A Trillion Here, A Trillion There

A trillion here, a trillion there. Pretty soon, we’re talking about real money. Treasury Secretary Geithner will unveil his plan to rid banks of their toxic assets today. And it’s expected to cost another $1 trillion dollars.  
I’m sure we’re all thrilled to learn that we’ll get yet another new government agency. It’s called the Public-Private Investment Program. It’s charged with removing up to $1 trillion in toxic assets from banks’ balance sheets.  
This agency is already conducting “stress tests” for banks. It will have the power to place weak banks into “conservatorship” in order to clear out the bad debt. Conservatorship sounds like a fancy way of saying nationalization, but maybe that’s just me. The Public-Private Investment Program will also offer low-interest loans to private investors, like hedge funds, to purchase the toxic assets.  
Of course, it’s a major assumption that anyone will want loans to buy toxic assets, even though there appears to be some demand for these assets now, at the right price. Problem is, banks don’t want to let them go at fire-sale prices because they think they might one day recover some value.  
And what if private investors buy the assets and they don’t recover in price? I can only guess that they’ll default on their loans from the Treasury.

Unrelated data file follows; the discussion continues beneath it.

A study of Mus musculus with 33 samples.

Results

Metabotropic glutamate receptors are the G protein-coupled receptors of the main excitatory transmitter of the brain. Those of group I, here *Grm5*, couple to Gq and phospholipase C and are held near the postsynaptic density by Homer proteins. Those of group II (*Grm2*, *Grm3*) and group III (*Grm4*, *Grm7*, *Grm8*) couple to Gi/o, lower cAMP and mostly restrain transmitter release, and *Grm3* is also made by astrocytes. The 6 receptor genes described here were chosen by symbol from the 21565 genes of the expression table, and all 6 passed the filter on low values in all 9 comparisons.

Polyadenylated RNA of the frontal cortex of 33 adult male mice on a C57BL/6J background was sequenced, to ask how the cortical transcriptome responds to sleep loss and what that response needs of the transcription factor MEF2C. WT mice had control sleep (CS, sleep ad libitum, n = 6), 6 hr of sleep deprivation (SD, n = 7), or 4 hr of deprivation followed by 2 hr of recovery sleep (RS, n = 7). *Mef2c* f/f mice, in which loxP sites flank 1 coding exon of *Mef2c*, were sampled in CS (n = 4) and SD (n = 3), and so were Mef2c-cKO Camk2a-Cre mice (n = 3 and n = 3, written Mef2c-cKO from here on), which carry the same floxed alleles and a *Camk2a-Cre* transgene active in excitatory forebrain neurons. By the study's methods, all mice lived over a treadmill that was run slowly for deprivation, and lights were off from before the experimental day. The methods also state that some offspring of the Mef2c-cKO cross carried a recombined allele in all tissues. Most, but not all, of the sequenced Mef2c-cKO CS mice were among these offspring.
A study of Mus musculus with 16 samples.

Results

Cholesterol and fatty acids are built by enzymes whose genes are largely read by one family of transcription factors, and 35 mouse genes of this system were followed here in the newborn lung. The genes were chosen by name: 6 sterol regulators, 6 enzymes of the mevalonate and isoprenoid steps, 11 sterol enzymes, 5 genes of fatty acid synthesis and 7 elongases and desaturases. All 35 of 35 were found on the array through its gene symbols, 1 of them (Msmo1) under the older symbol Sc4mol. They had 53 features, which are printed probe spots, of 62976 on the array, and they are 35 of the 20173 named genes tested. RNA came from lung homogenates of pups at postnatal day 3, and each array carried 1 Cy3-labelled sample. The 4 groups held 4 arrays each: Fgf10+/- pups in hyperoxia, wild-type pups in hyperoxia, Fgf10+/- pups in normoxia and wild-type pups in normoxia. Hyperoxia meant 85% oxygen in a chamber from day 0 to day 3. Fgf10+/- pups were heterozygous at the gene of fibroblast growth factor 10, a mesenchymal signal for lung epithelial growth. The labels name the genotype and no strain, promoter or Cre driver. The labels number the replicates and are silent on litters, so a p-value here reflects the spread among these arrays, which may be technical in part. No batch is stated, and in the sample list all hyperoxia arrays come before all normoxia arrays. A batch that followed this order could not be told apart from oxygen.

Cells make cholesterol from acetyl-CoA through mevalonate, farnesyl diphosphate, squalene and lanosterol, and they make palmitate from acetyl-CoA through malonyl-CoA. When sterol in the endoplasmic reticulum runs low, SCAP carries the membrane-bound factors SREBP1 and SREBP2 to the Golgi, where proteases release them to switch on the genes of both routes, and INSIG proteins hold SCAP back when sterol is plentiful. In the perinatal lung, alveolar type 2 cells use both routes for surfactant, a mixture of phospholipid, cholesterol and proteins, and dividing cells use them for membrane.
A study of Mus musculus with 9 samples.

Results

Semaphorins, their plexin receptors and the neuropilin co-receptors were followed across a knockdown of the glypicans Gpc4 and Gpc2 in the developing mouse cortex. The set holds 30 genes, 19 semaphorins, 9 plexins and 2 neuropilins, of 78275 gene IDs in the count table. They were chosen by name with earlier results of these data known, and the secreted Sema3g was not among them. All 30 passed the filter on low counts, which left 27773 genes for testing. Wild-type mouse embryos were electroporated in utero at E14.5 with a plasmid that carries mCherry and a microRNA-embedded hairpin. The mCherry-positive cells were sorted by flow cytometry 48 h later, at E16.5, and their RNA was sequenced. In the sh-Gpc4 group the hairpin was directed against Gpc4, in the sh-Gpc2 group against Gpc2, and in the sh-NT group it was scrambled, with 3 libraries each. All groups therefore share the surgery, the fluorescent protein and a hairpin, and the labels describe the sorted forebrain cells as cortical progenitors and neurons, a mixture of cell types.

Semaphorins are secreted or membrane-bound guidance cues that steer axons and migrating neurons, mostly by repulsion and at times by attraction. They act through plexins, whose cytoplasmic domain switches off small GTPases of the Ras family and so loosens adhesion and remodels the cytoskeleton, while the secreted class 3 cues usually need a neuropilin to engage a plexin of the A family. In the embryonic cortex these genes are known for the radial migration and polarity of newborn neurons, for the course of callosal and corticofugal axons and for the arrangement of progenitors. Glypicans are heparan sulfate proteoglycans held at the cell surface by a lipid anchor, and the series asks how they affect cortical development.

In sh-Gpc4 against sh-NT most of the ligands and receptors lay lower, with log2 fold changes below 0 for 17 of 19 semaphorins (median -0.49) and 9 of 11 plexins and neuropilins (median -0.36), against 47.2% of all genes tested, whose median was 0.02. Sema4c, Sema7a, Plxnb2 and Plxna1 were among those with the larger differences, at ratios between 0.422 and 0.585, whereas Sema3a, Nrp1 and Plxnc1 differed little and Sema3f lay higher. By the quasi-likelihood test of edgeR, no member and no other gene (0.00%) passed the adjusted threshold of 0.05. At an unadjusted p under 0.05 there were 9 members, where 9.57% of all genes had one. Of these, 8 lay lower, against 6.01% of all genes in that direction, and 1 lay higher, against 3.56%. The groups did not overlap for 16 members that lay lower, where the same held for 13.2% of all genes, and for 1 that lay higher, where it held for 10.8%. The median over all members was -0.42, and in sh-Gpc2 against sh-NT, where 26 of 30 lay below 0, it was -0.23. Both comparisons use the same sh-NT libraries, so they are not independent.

Economists seem to think that this is an important step for the Treasury to take. At least now there’s a focus on the lending market instead of bailing out companies like AIG. But I can’t help but think even more of our tax dollars are being put at risk.  
*****It will be interesting to see how the stock market reacts to this news, especially as it comes right on the heels of Bernanke’s announcement that the Fed will be buying Treasury and corporate bonds and consumer debt.  
I expected the Fed’s announcement to be well-received. And it was, as stocks jumped immediately following the FOMC last Wednesday. I’m not so sure about Geithner’s plan.  
That’s because Congress just set a dangerous precedent when it passed a bill that will tax compensation at AIG last week. While this new law might appease angry voters, it’s also changing the rules after the fact. Don’t be surprised if private investors are hesitant to work with the Public-Private Investment Program. Because now there’s the threat that, if they make too much money, Congress might change the terms of their deals.